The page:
Ceramic matrix composites (CMC) are a critical pathway on GE Aviation’s technology roadmap, and recent tests on a GEnx demonstrator engine with GE9X CMC components revealed our bets on this ultra-lightweight, heat-resistant material continue to pay off.
“The GEnx CMC demonstrator engine accumulated 2,800 endurance cycles at a GE’s test cell in Peebles, Ohio and an Avio Aero’s test cell in Naples, Italy,” said Jon Blank, CMC and advanced polymer matrix composite (PMC) design leader. “When we tore down the engine, the CMC parts looked pristine, further confirming the unique characteristics of this material for aerospace use.”
CMCs comprise silicon carbide (SiC) ceramic fibers in a SiC matrix, enhanced by proprietary coatings. For more than 20 years, scientists at GE’s Global Research Centers (GRC) and GE’s industrial businesses worked to develop CMCs for commercial applications.
With one-third the density of metal alloys, lightweight CMC components reduce an engine’s overall weight for improved fuel efficiency. CMC’s high-temperature properties greatly enhance engine performance, durability, and fuel economy. Since CMCs are far more heat resistant than metal alloys, they require less cooling air in the engine’s hot section. This air instead can be used in the engine flow path, enabling it to run more efficiently.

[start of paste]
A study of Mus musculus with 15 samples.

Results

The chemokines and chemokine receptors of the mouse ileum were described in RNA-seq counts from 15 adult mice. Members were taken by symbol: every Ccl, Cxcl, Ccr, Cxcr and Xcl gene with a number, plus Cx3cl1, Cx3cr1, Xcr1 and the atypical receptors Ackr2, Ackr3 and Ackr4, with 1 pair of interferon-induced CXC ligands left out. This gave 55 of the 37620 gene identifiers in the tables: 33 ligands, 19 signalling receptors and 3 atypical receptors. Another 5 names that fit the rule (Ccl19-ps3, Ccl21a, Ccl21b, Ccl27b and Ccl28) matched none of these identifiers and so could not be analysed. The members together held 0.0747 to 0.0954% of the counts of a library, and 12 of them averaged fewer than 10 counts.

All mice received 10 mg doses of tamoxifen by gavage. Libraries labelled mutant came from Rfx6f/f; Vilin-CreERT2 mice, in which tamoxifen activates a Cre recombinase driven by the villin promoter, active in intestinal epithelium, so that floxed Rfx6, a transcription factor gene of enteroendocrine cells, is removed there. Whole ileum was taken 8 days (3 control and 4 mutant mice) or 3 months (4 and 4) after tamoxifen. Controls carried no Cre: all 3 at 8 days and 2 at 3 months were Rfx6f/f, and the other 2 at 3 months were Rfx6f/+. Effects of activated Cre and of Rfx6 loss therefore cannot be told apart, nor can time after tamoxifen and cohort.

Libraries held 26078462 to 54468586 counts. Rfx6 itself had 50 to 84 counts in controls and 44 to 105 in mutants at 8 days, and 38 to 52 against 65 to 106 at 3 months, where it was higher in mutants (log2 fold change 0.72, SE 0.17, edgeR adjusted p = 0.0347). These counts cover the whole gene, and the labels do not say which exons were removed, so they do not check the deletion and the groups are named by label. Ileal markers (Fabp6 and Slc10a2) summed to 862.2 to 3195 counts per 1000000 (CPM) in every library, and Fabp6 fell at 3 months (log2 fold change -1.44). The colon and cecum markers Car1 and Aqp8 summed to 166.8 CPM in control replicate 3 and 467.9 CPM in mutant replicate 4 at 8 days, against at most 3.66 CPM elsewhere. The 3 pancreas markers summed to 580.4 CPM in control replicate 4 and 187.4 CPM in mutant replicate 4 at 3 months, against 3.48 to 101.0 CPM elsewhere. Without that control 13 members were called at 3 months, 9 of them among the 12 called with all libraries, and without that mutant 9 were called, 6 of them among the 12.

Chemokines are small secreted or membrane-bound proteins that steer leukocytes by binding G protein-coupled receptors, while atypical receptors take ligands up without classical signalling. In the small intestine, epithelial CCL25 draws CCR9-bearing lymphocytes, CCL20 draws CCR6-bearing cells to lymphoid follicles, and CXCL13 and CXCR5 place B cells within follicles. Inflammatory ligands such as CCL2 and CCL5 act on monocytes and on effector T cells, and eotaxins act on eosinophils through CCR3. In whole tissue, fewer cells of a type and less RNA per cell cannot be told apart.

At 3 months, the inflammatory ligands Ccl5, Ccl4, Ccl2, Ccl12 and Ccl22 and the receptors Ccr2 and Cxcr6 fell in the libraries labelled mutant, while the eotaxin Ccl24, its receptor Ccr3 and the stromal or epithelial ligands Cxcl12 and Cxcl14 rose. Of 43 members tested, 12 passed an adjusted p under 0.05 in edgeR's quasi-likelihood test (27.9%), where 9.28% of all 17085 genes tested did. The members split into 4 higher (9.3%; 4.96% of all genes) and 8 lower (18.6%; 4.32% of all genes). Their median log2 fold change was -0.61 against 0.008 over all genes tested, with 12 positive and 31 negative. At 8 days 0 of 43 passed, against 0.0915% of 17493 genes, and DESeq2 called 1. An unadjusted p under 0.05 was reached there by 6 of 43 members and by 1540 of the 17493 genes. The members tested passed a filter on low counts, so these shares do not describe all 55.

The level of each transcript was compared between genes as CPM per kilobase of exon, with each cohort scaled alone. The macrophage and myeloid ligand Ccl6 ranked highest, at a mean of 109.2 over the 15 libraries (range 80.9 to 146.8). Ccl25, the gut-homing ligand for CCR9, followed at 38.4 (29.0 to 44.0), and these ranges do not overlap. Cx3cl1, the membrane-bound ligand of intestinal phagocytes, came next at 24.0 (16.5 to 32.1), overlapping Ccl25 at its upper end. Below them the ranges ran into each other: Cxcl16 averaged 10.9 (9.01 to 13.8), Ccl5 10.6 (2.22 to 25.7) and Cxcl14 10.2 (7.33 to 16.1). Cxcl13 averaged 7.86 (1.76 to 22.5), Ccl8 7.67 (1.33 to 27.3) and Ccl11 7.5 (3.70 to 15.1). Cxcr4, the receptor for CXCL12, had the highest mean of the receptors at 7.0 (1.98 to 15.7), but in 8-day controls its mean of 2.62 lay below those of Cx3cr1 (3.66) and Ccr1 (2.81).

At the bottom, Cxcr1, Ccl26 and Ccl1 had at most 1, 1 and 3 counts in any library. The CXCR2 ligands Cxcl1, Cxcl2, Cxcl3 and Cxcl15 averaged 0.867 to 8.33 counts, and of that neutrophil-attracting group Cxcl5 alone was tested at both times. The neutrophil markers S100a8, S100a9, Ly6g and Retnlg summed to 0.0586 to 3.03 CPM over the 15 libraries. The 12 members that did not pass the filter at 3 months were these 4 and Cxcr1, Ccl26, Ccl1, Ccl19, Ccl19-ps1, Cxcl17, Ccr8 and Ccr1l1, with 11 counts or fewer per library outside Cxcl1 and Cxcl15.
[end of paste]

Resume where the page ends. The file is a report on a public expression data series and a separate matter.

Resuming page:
The GE9X engine for the Boeing 777X aircraft will incorporate CMCs in the inner and outer combustor liners, HPT stage 1 shrouds and stage 1 and stage 2 nozzles.
The testing also provided early insight into manufacturing. “The demonstrator testing allows us to perfect our processes before we transition to large-scale production,” stated Blank. “The tests also gave us early data on tolerance limits that will be useful for services and product life cycle.”
Besides CMC components, the GEnx CMC demonstrator engine validated non-CMC parts for the GE9X including the new 3D additive manufactured lightweight low-pressure turbine titanium aluminide (TiAl) blades produced at Avio Aero and the next-generation HPT stage 1 blades with advance cooling technology. The next-generation HPT blades utilize a proprietary process invented at GRC and industrialized at GE Aviation’s Cores & Castings facility in Dayton, OH. This novel process employs the most efficient cooling circuits ever produced, which result in significant fuel efficiency improvement over historical designs.
CMC testing for the GE9X will continue. The GEnx demonstrator engine will be rebuilt with the same combustor liners, HPT stage 1 shrouds and HPT stage 2 nozzles, LPT TiAl blades and the next-gen HPT blades along with the addition of HPT stage 1 nozzles. A GE9X core with CMC components in the combustor and HPT will begin testing this month.
“This is a generational material technology change,” said Blank. “Everyone in the business is focused on execution. We are most definitely all in on CMCs.”